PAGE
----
Washington, D.C. – On April 24 the United States Supreme Court heard oral arguments in Lac du Flambeau Band v. Coughlin case.
The question before the court was whether the bankruptcy code expresses unequivocally Congress’ intent to abrogate the sovereign immunity of federally-recognized Indian tribes.
This case concerns a lending operation owned by the Lac du Flambeau Band of Lake Superior Chippewa Indians and how bankruptcy code affects collection efforts made by the organization.
Brian Coughlin took out a loan with the Band’s operation, and later filed for bankruptcy.
The U.S. Bankruptcy Code puts an automatic stay on collection efforts once an entity files for bankruptcy.
The Band ignored this automatic stay and continued to attempt to collect the debt despite language in the bankruptcy code, designating that the automatic stay applies to “other foreign or domestic governments.”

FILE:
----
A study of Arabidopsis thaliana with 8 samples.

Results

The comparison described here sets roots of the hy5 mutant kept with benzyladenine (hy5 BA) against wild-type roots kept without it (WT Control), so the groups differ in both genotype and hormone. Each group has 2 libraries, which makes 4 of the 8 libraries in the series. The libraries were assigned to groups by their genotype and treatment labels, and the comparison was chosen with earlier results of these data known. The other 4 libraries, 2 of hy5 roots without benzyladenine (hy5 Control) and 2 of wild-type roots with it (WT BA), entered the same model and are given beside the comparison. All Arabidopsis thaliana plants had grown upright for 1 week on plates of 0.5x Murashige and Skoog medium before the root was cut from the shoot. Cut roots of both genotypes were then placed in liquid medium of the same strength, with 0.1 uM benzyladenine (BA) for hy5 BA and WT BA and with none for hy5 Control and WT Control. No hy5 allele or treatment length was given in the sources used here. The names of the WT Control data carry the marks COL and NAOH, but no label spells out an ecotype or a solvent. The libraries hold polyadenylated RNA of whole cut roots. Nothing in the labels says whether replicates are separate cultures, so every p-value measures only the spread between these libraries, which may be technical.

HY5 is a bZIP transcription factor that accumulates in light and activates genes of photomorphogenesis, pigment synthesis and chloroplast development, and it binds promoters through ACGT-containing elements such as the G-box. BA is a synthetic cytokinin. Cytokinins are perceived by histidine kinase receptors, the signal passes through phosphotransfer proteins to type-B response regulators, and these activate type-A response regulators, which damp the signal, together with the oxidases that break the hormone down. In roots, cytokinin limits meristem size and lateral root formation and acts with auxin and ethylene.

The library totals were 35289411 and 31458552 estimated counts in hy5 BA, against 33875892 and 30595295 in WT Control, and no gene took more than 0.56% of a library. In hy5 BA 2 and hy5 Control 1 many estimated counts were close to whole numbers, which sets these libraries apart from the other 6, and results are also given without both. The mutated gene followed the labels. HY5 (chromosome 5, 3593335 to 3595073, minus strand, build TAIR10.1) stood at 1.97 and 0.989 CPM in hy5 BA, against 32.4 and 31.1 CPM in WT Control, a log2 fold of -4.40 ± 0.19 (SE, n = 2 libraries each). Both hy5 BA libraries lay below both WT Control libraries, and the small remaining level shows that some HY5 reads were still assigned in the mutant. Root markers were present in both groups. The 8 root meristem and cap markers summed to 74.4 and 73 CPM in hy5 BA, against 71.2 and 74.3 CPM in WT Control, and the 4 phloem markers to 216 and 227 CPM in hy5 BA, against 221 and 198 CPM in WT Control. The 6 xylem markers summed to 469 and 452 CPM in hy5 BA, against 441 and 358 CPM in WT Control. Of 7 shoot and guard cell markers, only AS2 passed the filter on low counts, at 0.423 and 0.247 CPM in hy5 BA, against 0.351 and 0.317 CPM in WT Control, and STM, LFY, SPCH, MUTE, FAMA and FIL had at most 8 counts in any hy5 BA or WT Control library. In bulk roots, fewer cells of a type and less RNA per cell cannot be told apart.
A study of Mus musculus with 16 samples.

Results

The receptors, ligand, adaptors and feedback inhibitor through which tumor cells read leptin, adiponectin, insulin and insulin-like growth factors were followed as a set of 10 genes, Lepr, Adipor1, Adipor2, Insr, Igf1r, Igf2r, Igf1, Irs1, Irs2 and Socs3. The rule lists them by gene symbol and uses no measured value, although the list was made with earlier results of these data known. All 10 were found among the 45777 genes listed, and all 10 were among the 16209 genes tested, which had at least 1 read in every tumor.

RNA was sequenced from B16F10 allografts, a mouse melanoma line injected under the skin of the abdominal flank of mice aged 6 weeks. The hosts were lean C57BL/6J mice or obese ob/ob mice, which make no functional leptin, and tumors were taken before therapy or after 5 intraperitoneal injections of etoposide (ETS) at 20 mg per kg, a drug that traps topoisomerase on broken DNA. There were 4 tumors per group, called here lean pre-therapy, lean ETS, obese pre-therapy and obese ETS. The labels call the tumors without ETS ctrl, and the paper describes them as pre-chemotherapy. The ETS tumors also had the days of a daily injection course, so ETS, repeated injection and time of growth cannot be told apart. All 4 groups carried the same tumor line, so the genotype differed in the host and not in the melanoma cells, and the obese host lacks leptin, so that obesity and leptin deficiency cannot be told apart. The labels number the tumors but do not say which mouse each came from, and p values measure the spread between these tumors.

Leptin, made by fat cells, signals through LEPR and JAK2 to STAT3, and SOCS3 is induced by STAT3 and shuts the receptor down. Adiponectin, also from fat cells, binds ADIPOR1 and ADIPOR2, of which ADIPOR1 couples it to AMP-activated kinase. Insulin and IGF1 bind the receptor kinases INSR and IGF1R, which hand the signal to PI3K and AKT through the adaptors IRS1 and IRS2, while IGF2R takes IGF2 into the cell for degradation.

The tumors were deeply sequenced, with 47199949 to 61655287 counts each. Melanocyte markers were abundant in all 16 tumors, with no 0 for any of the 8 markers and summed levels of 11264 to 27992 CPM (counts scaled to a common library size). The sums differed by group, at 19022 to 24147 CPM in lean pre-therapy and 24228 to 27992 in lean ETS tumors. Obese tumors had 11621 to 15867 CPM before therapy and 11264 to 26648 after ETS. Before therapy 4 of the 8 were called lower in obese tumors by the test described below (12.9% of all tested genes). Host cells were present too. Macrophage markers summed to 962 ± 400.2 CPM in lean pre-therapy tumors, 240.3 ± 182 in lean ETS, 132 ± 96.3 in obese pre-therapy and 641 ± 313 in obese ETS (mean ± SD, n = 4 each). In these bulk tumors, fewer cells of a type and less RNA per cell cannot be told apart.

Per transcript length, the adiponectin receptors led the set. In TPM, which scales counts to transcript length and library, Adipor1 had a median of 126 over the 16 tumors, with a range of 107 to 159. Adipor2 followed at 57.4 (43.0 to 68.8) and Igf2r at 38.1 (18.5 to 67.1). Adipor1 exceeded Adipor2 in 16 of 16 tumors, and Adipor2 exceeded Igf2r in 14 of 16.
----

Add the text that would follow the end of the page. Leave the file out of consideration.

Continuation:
Arguments put forth by the Band’s lawyer Pratik Shah, focused on the fact that “tribes” are not specifically mentioned in the code.
One of the authors of the tribe’s Supreme Court briefs is Andrew Adams III. Adams is a Mvskoke citizen and a justice on the Muscogee Creek Nation Supreme Court. In a comment, Adams clarified his role in the trial.
“Just to be clear, I didn’t argue the case before the U.S. Supreme Court on Monday. I’ve represented the Tribe since the beginning, argued the case before the U.S. Court of Appeals for the First Circuit, and was a named author on the Supreme Court briefs. For the hearing this past Monday, I was at the counsel table before the justices but didn’t argue the case,” Adams said.
The trial has not yet reached a verdict. Mvskoke Media will have ongoing coverage of this developing story.